Coronary stents and risk of major adverse cardiac events following noncardiac surgery: the change

When I was working in my thesis a few years ago, I began to learn how to discriminate some scientific articles about their  relevance in certain issues, which kept as «classics». Later, in my clinical practice, I used to save as a treasure some articles (eg Amato and lung protective ventilation).


Now, the original published in October 2013 in JAMA aims, in my opinion, to become a turning point in the management of patients with coronary stents following  noncardiac surgery. The published study conducted by Hawn and cols., Department of Surgery, University of Alabama, takes a retrospective cohort study of patients undergoing noncardiac surgery within two years following the placement of a coronary stent to examine the relationship of the type of stent and the time between percutaneous coronary intervention and non cardiac surgery with major adverse cardiac events.


The current recommendation for patients with drug eluting stents (Class IIa, level of evidence C) is that elective surgery after drug eluting stent implantation should be delayed until completion of one year of dual antiplatelet therapy, and, in case of urgent surgery, it should be performed without interruption of antiplatelet therapy. In case of bare metal  stents, the surgery is delayed 4 to 6 weeks. Hawn and cols. encourages for this reason about level of evidence C to study better the relationship between the type of stent, antiplatelet therapy and related major adverse cardiac events following noncardiac surgery after coronary stent implantation.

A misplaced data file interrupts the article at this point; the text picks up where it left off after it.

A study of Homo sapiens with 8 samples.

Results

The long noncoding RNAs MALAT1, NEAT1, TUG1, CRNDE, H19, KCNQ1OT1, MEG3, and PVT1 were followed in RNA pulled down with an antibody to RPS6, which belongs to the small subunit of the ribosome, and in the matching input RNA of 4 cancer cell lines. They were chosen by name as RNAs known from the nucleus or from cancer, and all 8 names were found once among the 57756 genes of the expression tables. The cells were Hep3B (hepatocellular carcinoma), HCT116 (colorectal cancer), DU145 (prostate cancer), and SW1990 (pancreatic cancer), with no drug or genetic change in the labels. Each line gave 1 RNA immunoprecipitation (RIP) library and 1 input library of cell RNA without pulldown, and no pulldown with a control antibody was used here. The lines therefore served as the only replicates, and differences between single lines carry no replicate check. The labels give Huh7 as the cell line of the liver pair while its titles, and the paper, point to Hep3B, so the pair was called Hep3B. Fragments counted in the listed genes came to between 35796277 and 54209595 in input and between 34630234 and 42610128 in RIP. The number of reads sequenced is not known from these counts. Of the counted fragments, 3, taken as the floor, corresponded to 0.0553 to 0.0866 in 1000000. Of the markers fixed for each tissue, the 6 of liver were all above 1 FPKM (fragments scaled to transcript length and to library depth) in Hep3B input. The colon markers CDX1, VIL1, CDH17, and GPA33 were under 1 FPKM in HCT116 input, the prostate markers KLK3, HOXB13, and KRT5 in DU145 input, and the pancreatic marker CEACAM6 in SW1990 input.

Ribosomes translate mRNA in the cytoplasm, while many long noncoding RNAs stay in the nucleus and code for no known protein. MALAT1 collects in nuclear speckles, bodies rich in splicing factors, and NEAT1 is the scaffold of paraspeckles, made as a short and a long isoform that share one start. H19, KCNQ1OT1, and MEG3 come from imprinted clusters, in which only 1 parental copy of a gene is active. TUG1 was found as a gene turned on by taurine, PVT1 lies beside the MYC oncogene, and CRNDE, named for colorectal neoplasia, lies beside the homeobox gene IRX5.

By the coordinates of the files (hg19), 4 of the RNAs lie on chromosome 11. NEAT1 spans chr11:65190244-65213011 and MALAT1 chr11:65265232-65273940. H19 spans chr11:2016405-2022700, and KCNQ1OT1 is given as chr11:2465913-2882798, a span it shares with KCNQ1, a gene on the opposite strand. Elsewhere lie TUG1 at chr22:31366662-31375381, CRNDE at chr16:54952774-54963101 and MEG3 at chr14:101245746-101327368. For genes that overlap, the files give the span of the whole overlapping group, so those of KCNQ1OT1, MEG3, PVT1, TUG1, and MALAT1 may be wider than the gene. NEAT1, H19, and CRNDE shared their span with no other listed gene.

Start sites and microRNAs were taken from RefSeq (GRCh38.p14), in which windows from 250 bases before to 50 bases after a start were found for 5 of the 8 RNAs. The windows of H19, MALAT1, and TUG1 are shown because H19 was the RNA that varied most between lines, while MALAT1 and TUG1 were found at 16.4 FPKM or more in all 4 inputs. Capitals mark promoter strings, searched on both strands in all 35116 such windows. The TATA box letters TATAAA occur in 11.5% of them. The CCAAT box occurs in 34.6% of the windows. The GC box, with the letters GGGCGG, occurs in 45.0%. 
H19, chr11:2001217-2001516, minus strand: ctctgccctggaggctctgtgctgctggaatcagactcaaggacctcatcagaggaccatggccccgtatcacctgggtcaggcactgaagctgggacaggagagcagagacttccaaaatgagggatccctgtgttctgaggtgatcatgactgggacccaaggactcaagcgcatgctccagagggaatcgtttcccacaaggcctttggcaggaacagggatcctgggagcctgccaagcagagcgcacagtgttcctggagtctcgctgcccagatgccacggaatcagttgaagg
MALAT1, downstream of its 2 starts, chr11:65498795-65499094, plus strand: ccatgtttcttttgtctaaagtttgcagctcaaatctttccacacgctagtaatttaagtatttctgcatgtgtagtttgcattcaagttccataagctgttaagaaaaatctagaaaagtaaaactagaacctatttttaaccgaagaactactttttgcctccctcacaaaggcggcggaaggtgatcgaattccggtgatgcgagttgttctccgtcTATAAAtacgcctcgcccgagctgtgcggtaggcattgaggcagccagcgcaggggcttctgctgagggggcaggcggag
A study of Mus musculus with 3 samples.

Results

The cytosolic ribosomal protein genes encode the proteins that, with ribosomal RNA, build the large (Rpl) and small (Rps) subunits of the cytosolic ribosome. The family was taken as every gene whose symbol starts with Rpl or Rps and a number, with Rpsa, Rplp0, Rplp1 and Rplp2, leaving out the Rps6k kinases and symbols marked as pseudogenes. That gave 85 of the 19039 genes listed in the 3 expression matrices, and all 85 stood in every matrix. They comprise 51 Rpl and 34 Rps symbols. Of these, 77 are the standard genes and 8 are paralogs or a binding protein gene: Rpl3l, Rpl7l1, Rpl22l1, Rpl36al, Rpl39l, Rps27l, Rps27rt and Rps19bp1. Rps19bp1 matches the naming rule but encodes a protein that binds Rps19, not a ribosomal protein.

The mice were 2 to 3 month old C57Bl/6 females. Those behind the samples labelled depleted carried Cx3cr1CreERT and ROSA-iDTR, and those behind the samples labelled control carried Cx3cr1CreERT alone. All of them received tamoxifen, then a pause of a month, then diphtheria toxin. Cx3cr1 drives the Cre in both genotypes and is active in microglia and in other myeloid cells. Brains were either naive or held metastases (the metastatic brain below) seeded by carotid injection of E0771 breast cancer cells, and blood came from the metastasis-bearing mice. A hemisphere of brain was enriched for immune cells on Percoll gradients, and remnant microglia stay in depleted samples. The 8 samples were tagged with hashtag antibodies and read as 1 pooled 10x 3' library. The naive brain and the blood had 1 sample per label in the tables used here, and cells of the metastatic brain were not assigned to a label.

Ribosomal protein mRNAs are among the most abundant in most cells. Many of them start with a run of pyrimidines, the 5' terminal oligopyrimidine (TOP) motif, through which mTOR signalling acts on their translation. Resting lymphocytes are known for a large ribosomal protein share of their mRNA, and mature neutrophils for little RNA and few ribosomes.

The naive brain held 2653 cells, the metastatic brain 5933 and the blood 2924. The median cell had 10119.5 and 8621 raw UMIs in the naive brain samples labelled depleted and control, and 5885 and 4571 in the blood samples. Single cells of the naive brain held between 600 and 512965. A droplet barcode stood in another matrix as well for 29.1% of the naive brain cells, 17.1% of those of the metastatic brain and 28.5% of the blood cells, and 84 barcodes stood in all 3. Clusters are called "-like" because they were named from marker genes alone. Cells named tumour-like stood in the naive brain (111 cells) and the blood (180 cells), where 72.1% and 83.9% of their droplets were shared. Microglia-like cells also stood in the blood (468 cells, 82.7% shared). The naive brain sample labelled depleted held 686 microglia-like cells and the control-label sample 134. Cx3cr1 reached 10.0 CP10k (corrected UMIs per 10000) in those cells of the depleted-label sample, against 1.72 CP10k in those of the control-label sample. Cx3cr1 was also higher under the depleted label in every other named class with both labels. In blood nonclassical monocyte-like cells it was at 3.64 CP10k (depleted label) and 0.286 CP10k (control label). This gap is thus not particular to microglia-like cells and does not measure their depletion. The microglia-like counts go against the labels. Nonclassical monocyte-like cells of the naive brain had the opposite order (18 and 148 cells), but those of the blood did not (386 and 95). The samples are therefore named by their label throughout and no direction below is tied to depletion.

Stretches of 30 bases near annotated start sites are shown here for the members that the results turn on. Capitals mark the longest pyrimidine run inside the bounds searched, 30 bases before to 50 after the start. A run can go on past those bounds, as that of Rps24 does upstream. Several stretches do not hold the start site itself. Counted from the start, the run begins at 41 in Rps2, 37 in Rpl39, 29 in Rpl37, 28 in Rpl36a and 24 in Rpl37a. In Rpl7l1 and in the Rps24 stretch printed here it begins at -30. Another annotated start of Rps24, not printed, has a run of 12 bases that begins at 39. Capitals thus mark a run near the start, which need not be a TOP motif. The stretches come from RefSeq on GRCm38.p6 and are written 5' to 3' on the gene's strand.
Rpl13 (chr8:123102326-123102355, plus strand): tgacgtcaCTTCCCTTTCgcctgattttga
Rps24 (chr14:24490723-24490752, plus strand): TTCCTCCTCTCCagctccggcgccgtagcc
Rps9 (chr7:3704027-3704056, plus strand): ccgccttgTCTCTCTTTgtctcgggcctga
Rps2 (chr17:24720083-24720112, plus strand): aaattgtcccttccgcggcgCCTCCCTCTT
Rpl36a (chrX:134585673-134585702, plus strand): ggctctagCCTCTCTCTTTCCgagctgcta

They performed three analysis:

First, multivariable regression to determine risk factors for major adverse cardiac events. Second study whether major adverse cardiac event rate is a function of time from stent implantation and surgery, and the type of stent. Lastly 3rd analyzed the association of the cessation of antiplatelet therapy and major adverse cardiac events.

Between 2000 and 2010 there were 124,844 percutaneous coronary interventions, of which 22.5% met the inclusion criteria, 28,029 patients with 41,989 surgeries within two years after stent implantation. In the first month after surgery,  4.7% of major adverse cardiac events (1980 cases) were detected.


Nonelective presentation for the surgical hospitalization was the most explanatory determinant factor for the occurrence of major adverse cardiac events after noncardiac surgery in these patients, followed by conditions like recent myocardial infarction, congestive heart failure or higher revised cardiac risk index score. However, the type of stent and the set time delay for surgery were not associated with an increased incidence of adverse outcomes. Furthermore, there was no association between discontinuation of antiplatelet therapy and the occurrence of major adverse cardiac events.


Moreover, patients taken dual antiplatelet therapy had the highest rates of adverse cardiac events, not only because these patients were precisely those with the highest cardiac risk, but also because perioperative bleeding itself was the leading cause of the highest rate of adverse outcomes.


If this is the starting point for a reassessment of the clinical practice guidelines, only time will tell us.